Politics
Quebec premier's tuition compromise rejected by violent protest

Quebec Premier Pauline Marois gestures following the Summit of Higher Education in Montreal, February 26, 2013.

Credits: REUTERS

QMI AGENCY

MONTREAL -- A tuition-fee compromise by Quebec's premier couldn't prevent a violent protest that rekindled memories of last year's Quebec Spring.

The window-smashing rally of 10,000 people took place despite Pauline Marois's efforts to appease student hardliners with a bilateral meeting.

The hardliners instead boycotted Marois's summit and organized a massive demonstration after the premier refused to abolish tuition fees.

As the meeting drew to a close south of downtown, Montreal riot police charged crowds of mask-wearing protesters north of the summit site.

Suspects pelted officers and their horses with rocks, eggs and red paint. Windows were smashed and vehicles were damaged along the rally route and police tackled at least one masked man and led him away in handcuffs.

It was the second straight day of vandalism related to the student movement. Suspects splattered red paint at the offices of several provincial politicians hours before the meeting got underway on Monday morning.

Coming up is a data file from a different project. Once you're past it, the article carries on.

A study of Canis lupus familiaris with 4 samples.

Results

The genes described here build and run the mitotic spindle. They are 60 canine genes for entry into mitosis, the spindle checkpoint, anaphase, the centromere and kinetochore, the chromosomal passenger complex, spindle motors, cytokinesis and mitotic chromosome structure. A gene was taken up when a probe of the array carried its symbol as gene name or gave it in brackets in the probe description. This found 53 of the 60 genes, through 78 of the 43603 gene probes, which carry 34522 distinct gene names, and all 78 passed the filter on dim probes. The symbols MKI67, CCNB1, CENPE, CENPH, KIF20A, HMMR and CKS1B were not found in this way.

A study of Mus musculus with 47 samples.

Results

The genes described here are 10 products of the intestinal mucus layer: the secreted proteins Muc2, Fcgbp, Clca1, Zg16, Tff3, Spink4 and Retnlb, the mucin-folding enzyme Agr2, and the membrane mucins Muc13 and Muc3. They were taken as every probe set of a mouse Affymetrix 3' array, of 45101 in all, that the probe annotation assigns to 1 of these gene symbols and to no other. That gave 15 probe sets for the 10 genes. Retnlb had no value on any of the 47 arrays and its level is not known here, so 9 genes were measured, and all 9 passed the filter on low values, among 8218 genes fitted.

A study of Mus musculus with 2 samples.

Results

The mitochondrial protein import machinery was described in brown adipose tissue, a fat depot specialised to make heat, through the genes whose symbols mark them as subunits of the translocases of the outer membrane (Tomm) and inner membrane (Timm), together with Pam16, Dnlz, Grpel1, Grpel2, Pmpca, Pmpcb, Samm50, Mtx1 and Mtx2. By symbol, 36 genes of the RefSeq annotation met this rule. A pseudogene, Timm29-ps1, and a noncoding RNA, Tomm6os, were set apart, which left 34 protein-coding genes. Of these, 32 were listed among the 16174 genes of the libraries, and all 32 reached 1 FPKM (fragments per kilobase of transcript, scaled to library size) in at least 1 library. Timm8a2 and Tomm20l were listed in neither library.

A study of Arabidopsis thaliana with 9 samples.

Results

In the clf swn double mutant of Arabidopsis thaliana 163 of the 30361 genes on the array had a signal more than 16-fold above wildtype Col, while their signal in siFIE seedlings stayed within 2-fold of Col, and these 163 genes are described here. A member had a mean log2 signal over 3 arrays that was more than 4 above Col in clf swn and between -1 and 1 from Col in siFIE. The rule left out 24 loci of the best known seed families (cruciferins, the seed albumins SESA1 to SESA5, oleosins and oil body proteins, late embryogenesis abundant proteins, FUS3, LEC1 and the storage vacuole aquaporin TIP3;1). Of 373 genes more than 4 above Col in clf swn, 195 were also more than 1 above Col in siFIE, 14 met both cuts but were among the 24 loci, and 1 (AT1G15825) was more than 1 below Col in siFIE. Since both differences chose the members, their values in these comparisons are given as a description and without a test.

The premier concluded her two-day summit by holding firm on a $70 annual tuition increase and $250 million in cuts to university budgets over two years.

Marois marched with the students when she was opposition leader but has since drawn their ire despite cancelling the previous Liberal government's seven-year, $1,800 tuition hike.

Before the violent outbreak Tuesday, she suggested the summit that brought together unions, university rectors and moderate students was a success.

"We have done a tremendous job," she told reporters. "We managed to put the fighting behind us and return to dialogue."

Even moderate student groups opposed to Tuesday's protest gave Marois the thumbs down.

They said they were "extremely disappointed" Marois didn't maintain a tuition freeze first implemented in 1993.

University principals and rectors are also upset at the budget cuts, warning that student services will suffer.
Quebec students have been willing to create social unrest to make their point.

The previous Liberal government's decision to hike tuition led to months of protests last year that taxed police services, disrupted Quebec's economy and made international headlines.